Why the obese may struggle to lose weight if they diet: Fat cells can become scarred or inflamed making them harder to shed

Scientists have discovered why people who are obese may struggle to lose weight no matter how hard they diet.

Becoming obese may start a vicious cycle, which makes people into an ‘apple shape’ with fat around their middle and raises their risk of heart disease and diabetes.

The problem is thought to be when the fat becomes distressed, scarred and inflamed, it is unable to soak up calories as it should, which experts think makes it harder to slim down.

People become obese, rather than overweight, at the point their body mass index (BMI) is higher than 30

People become obese, rather than overweight, at the point their body mass index (BMI) is higher than 30

Obesity has steadily become more common in the US for the last 20 years 

Obesity has steadily become more common in the US for the last 20 years 

Now researchers at Exeter University have made a breakthrough which could in future help to stop the process. They hope this could help obese people, who already face an uphill battle to lose weight without their bodies fighting back against them.

OBESITY CRISIS 

The worldwide obesity rate has doubled since 1980, and the US has the highest rates of obesity among high-income countries.

Currently, about one in three American adults are considered obese, and about one in seven children. 

More than half of children growing up in the US today could be obese by the time they are middle-aged, worrying research by Harvard University revealed earlier this week.

It also emerged last month that Britain has the highest numbers of overweight people in the EU.

Nearly 30 per cent of women and just under 27 per cent of men are overweight, according to the European Society of Cardiology. 

Obesity rates in the UK have nearly doubled since the early 1990s. 

Today nearly a third of UK children aged two to 15 are overweight or obese.

Experts warn it has become normal to be vastly overweight in both countries.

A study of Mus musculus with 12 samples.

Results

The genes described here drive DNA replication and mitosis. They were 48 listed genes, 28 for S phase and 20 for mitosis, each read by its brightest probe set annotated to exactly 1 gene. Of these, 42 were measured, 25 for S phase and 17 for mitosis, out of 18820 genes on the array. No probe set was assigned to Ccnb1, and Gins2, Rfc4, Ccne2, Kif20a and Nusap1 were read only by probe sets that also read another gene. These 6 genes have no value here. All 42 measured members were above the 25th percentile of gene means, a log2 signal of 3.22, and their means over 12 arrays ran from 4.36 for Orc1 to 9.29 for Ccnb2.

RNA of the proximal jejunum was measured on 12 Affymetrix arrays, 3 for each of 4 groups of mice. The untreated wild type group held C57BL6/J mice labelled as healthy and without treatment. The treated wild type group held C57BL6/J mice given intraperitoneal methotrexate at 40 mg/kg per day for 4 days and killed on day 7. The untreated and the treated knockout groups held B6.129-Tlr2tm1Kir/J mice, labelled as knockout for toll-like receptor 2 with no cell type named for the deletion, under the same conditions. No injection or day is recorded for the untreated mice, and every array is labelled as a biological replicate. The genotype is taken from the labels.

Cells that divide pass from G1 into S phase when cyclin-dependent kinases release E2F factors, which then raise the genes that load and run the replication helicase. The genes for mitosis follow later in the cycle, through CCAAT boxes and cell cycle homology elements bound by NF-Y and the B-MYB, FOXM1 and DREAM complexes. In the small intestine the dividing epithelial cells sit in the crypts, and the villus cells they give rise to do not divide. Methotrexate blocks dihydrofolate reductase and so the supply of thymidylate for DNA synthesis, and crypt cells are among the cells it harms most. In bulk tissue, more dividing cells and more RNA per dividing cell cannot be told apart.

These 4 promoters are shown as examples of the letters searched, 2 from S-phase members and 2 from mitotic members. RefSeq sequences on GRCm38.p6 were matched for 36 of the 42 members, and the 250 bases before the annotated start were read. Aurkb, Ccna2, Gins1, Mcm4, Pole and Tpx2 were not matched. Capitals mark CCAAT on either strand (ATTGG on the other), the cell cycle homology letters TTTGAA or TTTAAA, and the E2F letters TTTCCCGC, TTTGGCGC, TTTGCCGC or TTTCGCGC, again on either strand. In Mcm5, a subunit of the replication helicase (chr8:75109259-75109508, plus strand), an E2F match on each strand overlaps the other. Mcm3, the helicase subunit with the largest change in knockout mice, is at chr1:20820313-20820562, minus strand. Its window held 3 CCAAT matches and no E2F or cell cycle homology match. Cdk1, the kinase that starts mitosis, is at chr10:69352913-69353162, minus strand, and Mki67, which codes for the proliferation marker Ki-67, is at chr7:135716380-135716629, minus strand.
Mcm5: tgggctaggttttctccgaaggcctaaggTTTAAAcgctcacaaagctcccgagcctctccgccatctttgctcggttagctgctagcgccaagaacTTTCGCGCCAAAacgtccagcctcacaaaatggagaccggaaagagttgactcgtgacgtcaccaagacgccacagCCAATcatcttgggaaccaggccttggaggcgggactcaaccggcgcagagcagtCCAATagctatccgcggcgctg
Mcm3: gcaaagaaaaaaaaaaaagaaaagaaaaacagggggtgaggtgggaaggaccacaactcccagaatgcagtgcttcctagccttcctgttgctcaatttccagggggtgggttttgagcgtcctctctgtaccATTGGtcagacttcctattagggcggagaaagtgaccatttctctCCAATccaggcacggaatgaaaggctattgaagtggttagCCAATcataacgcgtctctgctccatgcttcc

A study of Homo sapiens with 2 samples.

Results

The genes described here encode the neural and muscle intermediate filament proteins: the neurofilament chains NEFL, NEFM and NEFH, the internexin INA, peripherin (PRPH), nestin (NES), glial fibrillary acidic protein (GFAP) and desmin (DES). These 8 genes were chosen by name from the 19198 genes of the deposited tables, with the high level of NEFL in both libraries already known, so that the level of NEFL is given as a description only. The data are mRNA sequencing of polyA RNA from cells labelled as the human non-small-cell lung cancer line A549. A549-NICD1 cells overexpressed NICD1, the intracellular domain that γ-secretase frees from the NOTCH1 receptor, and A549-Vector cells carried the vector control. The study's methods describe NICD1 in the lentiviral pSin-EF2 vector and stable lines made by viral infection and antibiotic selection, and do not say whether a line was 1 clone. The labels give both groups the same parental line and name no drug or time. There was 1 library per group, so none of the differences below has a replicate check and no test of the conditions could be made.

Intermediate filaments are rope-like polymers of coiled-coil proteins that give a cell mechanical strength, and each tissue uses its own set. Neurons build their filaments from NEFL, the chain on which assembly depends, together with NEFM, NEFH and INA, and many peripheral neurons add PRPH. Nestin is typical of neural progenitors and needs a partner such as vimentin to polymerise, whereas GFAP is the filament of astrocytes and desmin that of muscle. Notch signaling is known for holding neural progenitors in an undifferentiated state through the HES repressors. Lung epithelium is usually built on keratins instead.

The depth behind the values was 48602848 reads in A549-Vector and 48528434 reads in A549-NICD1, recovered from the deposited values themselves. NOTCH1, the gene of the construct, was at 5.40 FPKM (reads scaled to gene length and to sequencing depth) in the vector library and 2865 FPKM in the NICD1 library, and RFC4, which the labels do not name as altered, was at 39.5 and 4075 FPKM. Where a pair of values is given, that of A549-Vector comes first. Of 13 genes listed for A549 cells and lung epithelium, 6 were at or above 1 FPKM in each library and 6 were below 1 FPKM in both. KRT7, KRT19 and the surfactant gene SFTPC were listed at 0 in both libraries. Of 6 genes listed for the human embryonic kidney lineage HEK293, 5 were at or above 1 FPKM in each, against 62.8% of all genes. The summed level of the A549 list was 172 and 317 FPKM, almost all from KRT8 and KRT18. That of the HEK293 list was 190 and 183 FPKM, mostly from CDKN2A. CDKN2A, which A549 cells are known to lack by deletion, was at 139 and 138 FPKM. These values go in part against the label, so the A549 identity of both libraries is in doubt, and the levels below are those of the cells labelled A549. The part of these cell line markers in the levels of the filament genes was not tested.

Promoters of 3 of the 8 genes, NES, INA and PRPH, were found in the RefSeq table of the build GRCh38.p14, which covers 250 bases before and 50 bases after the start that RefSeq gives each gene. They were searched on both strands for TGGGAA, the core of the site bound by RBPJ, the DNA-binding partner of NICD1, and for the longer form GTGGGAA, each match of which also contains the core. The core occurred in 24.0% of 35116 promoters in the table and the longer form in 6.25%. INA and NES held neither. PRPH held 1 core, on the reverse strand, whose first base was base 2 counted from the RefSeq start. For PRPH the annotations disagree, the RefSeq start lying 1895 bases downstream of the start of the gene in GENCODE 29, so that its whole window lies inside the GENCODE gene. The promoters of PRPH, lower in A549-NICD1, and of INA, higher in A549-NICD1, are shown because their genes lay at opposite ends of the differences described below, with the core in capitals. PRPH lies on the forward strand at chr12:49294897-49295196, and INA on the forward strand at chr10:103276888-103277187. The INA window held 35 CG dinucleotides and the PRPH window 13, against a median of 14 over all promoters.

The academics have discovered a molecule which causes the scarring, and the knock-on effect thought to drive fat into people’s organs and arteries, putting them at risk of high blood pressure, heart disease and stroke.

Dr Katarina Kos, from the University of Exeter’s medical school, said: ‘We know that obese people can suffer scarring of their fat tissue which may make it harder to lose weight. These fat cells are less able to store excess calories, and so may cause fat to move into and wrap around organs such as the liver.

‘Our research was aimed at seeing what drives this, and now we know, there may be the potential for a drug to be developed to block this from happening. The next stage is to explore whether drug treatment could have an impact.’

People become obese, rather than overweight, at the point their body mass index (BMI) is higher than 30. Analysis of the fat cells in their bodies found they are starved of oxygen, which triggers inflammation in the fat tissue.

Stressed and unhealthy fat tissue is less able to absorb the extra calories from the food we eat, which are diverted into fat wrapping around vital organs including the liver, muscle and heart.

This can lead to obesity-related health complications such as fatty liver disease and cardiovascular disease. It can also make people ‘apple-shaped’, with a large tummy and more fat within the deeper layers of the abdomen and around the organs. However, they can retain thin arms and legs, as there is little fat just below the skin.

Until a drug is developed, the key to losing weight for people in this situation is old-fashioned diet and exercise.

More than 10 million adults in the US are obese, and many will face tough odds as they hit the gym to try to keep New Year's weight loss resolutions

More than 10 million adults in the US are obese, and many will face tough odds as they hit the gym to try to keep New Year's weight loss resolutions

Dr Kos said: ‘The advice continues to be for people to try to control their intake of surplus calories and burn them off when possible. Something as simple as going for a walk after meals could help to burn off calories without overburdening the fat tissue and which may prevent it from scarring.’

However they may also see fat diverted from their stiffer, more rigid tissue into and around the arteries, which can predispose people to high blood pressure, heart disease and strokes. Scarring of fat tissue has also been linked to diabetes.

‘One could have very little fat below the skin and still be at risk of diabetes due to a lot of fat within the abdomen and inner organs, Dr Kos said.

Dr Kos, a clinician and specialist in adipose tissue physiology and obesity-related disorders, studied the abdominal fat tissue of obese people which had become fibrous or ‘scarred’ in order to identify what regulates this scarring and to look at how to reverse it.

The research published in the journal Metabolism, found a molecule called Lysyl oxidase (LOX) was more prevalent in people who were obese with scarred fat.